Cinerama: The King of Comedy

Posted: September 11, 2009 in Cinerama

Cinerama: The King of Comedy

By Mike Derderian

Did you ever notice how all American presidents in action films are asleep when a major national catastrophe ensues? As a mental patient known as the Hood threatens to blow up the world using a stolen nuclear VX bomb.

“Oh, my God general this man means business. I’m afraid we have to call the president,” Colonel Sanders sighed after witnessing how the megalomaniac terrorist blew up a whole district on a television screen. “Can someone please wake up the president,” Sanders yells for his assistant.

Now wait a minute! If terrorists have state-of-the-art broadcasting equipment, then how come we always end up watching a crappy video of Bin Laden, where colors are usually green and faded and the sound… don’t get me started on the sound, because it makes the colors look good!  My best guess is that they probably don’t have enough funding like the production companies owned by the FBI and the CIA.

If you found the above prologue funny then I am the newest king of comedy just like Rupert Pupkin, the disturbed comedian in Martin Scorsese’s 1983 King of Comedy, with one difference, I don’t have to kidnap my editor in order to publish my work—not yet that is.

The film stars Robert De Niro, Diahnne Abbott, Sandra Bernhard and Jerry Lewis as Jerry Langford, a very successful and highly publicized television comedian. Contrary to its title, this isn’t a humorous film at all, except for Rupert’s brief stand up comedy act and a few stints by comedy legend Jerry Lewis, who completely deflected his hilarious on-screen persona and replaced it with a grim and nasty character.

Rupert Pupkin (De Niro) is not your ordinary middle-aged man; he lives with his mother, thinks that he has the stuff fit for a stand-up-comedian, is a pathological liar and is obsessed with Jerry Langford. Bad combo, wouldn’t you say?

Seeking fame through comedy isn’t easy, in fact it is one of the most difficult paths to tread upon. Standing on stage in front of an audience of fifty or more with the limelight fixed straight on your face and your heart beating so fast that will almost burst out any second is one the greatest feelings a person can experience.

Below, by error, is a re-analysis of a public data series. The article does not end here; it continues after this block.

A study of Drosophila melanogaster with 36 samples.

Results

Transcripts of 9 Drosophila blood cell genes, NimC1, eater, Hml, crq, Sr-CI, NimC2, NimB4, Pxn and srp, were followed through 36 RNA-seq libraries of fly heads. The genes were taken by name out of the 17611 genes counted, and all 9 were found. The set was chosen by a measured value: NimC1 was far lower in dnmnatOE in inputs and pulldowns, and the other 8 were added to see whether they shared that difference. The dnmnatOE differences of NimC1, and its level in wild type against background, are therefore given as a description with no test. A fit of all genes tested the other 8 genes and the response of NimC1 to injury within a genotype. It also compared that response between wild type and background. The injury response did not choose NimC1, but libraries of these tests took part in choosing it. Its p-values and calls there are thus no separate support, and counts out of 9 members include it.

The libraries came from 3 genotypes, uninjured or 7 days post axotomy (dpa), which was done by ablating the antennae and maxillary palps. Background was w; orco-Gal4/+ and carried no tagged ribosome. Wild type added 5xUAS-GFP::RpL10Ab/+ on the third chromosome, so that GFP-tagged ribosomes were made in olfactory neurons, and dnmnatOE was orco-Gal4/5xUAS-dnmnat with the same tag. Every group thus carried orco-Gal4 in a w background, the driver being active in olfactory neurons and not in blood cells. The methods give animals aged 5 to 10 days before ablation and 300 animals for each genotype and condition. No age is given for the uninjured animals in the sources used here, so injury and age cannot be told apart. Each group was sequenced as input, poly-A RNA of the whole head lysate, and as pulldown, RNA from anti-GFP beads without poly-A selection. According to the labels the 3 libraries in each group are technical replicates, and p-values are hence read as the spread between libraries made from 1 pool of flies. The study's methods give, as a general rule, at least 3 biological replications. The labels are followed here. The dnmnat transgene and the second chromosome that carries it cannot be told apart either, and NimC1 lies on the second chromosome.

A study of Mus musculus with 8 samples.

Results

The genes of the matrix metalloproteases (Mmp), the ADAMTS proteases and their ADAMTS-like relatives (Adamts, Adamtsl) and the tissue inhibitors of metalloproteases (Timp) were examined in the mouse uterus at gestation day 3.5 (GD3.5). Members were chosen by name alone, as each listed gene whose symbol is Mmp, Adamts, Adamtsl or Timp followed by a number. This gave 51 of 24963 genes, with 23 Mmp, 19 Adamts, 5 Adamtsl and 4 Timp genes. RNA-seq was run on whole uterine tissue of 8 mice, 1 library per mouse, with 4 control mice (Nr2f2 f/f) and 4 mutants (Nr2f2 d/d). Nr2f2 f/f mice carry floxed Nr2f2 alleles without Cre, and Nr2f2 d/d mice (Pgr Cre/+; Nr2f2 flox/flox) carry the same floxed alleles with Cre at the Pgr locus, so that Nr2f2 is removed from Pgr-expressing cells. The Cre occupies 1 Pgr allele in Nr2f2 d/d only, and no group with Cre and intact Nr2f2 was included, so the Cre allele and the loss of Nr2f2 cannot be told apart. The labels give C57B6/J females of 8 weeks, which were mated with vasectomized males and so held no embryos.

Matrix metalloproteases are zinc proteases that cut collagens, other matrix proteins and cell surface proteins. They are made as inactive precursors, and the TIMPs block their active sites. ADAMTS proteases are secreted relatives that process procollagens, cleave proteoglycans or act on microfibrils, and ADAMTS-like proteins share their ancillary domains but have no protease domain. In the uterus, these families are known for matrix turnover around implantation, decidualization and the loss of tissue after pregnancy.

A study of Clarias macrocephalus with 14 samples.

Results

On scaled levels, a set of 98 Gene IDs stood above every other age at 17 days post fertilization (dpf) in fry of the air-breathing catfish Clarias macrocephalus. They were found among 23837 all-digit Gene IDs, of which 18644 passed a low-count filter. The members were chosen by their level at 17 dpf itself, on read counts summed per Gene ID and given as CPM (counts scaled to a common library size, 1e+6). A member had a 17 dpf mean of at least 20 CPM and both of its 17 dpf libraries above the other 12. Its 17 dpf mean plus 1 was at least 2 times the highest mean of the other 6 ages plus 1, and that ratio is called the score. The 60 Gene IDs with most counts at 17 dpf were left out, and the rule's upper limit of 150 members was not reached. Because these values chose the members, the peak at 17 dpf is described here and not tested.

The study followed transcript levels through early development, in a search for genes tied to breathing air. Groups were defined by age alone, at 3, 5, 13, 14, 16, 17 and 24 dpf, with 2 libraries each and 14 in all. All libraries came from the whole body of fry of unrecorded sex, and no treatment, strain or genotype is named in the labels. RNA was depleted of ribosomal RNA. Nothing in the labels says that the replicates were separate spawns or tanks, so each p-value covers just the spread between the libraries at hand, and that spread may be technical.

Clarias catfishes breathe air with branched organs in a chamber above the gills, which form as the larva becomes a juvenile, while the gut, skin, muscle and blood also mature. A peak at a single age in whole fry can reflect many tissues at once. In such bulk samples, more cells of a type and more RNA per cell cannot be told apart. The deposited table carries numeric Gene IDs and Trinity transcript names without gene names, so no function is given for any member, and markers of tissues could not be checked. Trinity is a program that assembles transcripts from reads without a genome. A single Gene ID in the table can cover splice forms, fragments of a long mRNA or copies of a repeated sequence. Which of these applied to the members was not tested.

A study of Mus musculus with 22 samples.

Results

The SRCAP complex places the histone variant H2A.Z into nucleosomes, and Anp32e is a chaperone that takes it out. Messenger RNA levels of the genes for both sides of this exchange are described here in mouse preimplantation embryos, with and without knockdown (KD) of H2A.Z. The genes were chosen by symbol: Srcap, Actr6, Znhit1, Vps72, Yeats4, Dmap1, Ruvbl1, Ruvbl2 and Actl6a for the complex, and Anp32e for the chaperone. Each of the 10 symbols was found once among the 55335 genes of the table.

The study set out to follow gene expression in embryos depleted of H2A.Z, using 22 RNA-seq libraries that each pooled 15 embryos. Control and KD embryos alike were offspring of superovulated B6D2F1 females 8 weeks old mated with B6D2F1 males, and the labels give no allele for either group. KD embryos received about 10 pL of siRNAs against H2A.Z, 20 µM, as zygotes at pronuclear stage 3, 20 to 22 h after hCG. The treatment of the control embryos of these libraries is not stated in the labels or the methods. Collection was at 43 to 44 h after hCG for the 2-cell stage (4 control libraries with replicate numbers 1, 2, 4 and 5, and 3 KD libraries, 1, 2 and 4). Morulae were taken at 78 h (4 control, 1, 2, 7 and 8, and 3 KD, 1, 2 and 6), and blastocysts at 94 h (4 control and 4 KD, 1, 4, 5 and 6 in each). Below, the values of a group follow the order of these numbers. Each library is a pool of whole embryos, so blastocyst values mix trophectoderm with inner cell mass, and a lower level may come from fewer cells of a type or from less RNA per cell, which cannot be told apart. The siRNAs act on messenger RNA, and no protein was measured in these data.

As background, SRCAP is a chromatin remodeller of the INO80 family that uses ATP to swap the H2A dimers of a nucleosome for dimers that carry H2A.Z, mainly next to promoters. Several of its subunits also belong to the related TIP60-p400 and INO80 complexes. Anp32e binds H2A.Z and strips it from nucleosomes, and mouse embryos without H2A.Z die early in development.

Pupkin so eerily redefines the phrase, “If you don’t succeed in the first time, try and try again”, to a degree that the mere thought of having such a person on your tail makes your funny bones* shudder in fear. With the belief that appearing on Langford’s late night comedy show is the only way he’ll attain success as a comedian, Pupkin, after failing to socialize with the hard boiled celebrity, decides to join hands with Masha.

Sandra Bernhard very skillfully dons the straitjacket character especially when she decides to woo Langford, who as Pupkin very funnily announces is tied up. (If you thought that Glen Close’s performance in Fatal Attraction was scary, then Bernhard’s enactment will make you think again).

Langford’s business associates believe that Pupkin’s material isn’t solid enough to be included during the show; so, rejected by the firm, Pupkin decides to pursue and pursued Langford by kidnapping him.

A person, or in this case a comedian, according to Scorsese’s gritty vision, shouldn’t be judged less he is put to the ultimate test: The public. Nothing beats the cheers or boos of an audience to catapult or crash a person’s career; and in America even a serial killer can have more than fifty minutes of glory to that matter. They end up writing a bestseller with titles such as the following: My life with the Axe, I Shot the Sheriff but I did not Shot the Deputy or King for a Night.

In the King of Comedy both Pupkin and Langford are antagonists—one is struggling for privacy while the other is aiming to have a life such as the one Lanford grew tired of—and along the way other people, like Pupkin’s high school sweetheart Rita (Abbott), are attracted to the allure of stardom and wealth offered to them by person like Pupkin.

His words, “Better to be king for a night than a schmuck for a lifetime”, wouldn’t sound more true, for even to us normal people, an essential question arises: How much are you willing to sacrifice to get what you want? Are you willing to go on living an ordinary life without even trying to shoot at the stars?

*Check out Jerry Lewis’ filmography and you might find a worthwhile comedy film to watch.